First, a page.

Public Health and Economic Consequences of Methyl Mercury Toxicity to the Developing Brain

Leonardo Trasande; Philip J. Landrigan; Clyde Schechter

Disclosures

Environ Health Perspect. 2005;113(5):590-596. 

In This Article

Results

Each year in the United States, between 316,588 (7.8% of the annual birth cohort) and 637,233 babies are born with cord blood mercury levels > 5.8 µg/L. The lower-bound estimate of 316,588 babies is based on the very conservative assumption that maternal and cord blood mercury concentrations are equal. But if the cord blood mercury concentration is on average 70% higher than the maternal blood mercury concentration, as suggested by recent research (Stern and Smith 2003), 637,233 babies, or 15.7% of the birth cohort, experience cord blood mercury levels > 5.8 µg/L. Fetal blood mercury levels > 5.8 µg/L are associated with small but significant loss of IQ. This decrement in IQ appears to be permanent and irreversible, and it adversely affects a significant portion of the annual birth cohort's economic productivity over a lifetime.

Using our base-case assumptions (impact for women with total mercury > 4.84 µg/L, cord: maternal mercury ratio = 1.7, IQ impact = 1.5 points per doubling), we calculated costs for the 405,881 children who suffer IQ decrements resulting from fetal methyl mercury exposure. Under these assumptions, 89,293 children suffered a 0.76 decrement in IQ and another 113,647 experienced a 1.15 IQ point decrement. The 5% most highly exposed children in the 2000 birth cohort suffered subclinical losses in IQ in our model ranging from 1.60 to 3.21 points. Although this diminution in intelligence is small in comparison with the loss of cognition that can result from other genetic and environmental processes, the loss resulting from methyl mercury exposure produces a significant reduction in economic productivity over a lifetime. We estimate the aggregate cost of the loss in IQ that results from exposure of American children to methyl mercury of anthropogenic origin to be $8.7 billion (all costs in 2000 US$) annually ( Table 1 ).

We estimate that the cost of anthropogenic methyl mercury exposure ranges from $2.2 billion (impact only for the 316,588 children born to women with total mercury > 5.8 µg/L, IQ impact = 0.85 points per doubling) to $13.9 billion (impact for the 405,881 women with total mercury > 4.84 µg/L, IQ impact = 2.4 points per doubling). Using the linear dose-response model that was selected by the National Research Council in recommending a reference dose for mercury exposure (a model that predicts an average loss of 0.93 IQ points per 1-µg/L increase in mercury concentration) (Jorgensen et al. 2004; National Research Council 2000), we find that the environmentally attributable cost of methyl mercury exposure is $32.9 billion, assuming a cord:maternal blood mercury ratio of 1.7. Employing a linear model and assuming that the true loss in IQ resulting from a 1-µg/L increase in blood mercury ranges from 0.59 to 1.24 points, we find that the outer bounds of our estimate range from $7.0 billion (impact only for women with total mercury > 5.8 µg/L, IQ impact = 0.59 points per µg/L increase, cord:maternal mercury ratio = 1) to $43.8 billion (impact for women with total mercury > 4.84 µg/L, IQ impact = 1.24 points for each microgram per deciliter increase, cord:maternal mercury ratio = 1.7) ( Table 2 ).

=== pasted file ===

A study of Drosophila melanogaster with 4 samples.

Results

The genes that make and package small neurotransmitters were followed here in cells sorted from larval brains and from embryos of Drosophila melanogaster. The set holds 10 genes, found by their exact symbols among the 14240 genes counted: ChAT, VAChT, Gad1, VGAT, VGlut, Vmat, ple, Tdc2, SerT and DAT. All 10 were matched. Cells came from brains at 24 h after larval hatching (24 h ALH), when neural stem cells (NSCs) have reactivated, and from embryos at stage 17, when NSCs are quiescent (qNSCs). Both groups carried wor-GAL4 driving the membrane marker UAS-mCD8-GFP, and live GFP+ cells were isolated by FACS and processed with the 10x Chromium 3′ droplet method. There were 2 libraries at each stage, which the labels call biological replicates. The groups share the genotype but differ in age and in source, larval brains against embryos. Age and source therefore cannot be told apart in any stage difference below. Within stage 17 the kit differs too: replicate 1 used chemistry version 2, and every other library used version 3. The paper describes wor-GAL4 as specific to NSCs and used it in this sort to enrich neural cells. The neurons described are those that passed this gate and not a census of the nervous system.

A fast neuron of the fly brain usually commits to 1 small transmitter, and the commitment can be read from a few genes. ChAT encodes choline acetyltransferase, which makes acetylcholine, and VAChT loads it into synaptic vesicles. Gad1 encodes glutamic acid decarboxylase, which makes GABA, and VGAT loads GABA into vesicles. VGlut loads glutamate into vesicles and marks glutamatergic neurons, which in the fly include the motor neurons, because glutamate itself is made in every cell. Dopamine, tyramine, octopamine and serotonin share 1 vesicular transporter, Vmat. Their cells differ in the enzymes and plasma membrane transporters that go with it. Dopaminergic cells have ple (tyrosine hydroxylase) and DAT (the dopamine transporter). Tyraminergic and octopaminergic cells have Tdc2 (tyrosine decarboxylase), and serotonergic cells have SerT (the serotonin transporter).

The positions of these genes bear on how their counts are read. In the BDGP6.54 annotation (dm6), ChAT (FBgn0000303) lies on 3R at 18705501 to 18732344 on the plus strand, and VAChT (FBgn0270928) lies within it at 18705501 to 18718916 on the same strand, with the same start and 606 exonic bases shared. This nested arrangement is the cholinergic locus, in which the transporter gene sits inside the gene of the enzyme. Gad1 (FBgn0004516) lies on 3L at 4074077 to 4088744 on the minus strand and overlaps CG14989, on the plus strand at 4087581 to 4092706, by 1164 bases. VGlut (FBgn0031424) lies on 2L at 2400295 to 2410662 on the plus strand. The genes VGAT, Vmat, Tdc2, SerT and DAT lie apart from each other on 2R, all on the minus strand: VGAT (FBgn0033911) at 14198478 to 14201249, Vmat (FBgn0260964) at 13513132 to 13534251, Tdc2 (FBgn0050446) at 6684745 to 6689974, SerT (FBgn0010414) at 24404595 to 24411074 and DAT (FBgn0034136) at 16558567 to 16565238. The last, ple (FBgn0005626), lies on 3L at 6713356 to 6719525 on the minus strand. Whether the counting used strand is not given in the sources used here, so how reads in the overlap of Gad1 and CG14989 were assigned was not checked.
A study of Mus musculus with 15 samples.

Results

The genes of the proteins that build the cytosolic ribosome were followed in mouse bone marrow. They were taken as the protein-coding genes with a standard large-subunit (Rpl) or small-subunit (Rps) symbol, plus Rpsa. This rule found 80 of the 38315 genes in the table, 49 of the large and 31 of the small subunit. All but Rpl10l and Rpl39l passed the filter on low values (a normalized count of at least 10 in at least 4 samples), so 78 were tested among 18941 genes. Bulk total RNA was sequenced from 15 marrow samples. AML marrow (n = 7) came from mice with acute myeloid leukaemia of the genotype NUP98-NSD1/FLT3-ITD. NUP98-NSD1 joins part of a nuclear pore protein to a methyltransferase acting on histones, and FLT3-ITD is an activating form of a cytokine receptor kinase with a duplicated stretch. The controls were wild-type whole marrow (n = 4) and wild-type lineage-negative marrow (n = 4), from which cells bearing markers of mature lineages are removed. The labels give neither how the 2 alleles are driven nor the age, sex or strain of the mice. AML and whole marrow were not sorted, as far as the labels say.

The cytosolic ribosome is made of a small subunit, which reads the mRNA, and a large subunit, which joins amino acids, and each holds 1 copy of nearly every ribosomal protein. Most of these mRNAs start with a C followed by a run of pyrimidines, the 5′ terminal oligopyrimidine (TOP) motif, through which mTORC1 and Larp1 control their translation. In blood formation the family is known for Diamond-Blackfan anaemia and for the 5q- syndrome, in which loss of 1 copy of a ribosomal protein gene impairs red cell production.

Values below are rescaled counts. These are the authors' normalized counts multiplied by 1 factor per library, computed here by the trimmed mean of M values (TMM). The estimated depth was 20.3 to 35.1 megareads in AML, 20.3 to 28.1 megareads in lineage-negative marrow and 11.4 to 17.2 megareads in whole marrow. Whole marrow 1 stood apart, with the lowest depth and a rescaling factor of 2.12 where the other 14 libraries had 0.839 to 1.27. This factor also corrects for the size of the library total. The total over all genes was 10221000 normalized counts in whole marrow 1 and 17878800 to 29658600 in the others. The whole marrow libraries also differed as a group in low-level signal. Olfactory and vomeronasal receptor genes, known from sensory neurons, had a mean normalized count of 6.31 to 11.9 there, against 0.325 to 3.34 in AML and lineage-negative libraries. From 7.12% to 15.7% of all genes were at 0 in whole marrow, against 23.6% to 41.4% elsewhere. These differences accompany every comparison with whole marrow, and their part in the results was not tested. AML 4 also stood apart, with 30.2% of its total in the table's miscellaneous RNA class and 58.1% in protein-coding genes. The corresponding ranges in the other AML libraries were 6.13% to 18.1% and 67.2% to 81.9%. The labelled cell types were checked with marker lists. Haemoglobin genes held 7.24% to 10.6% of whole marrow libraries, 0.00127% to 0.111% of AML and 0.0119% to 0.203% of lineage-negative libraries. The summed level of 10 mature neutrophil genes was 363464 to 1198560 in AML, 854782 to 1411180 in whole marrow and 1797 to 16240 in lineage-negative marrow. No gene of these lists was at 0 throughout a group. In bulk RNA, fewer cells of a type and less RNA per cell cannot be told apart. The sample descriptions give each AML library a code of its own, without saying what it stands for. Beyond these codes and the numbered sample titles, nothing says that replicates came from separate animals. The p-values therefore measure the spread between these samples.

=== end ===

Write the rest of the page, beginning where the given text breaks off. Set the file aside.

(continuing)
After applying the 36% fraction to restrict our analysis to American anthropogenic sources, we estimate that the attributable cost of methyl mercury exposure to the developing fetus from American anthropogenic sources is $3.1 billion annually, using the logarithmic model developed by the Faroes researchers (Grandjean et al. 1999; Jorgensen et al. 2004) and assuming a 1.5-point IQ impact for each doubling of methyl mercury exposure (Budtz-Jorgensen et al. 2002). Our sensitivity analysis, in which we also varied the attributable fraction for American sources from 18% (industry data sources) to 36% (federal data sources) (Seigneur et al. 2004; U.S. EPA 1996, 1997), suggests that the true cost of methyl mercury exposure from American emissions ranges from $0.4 to $15.8 billion annually.

To focus specifically on the costs of fetal exposure to mercury released by American coal-fired power plants, we examined the impact of the 41% of U.S. anthropogenic emissions of mercury attributable to these facilities. We estimate that the attributable cost of methyl mercury exposure from American electric generation facilities to the developing fetus is $1.3 billion. Applying our sensitivity analysis in this model, we find that the true cost of methyl mercury exposure from electric generation facilities to the American birth cohort ranges from $0.1 to $6.5 billion/year (Figure 1). Again, the major source of these costs is loss of earnings over a lifetime.

Portions of cost of methyl mercury exposure attributed to sources. Assumptions: 18-36% attributable to American sources; 41% of American emissions attributable to American power plants.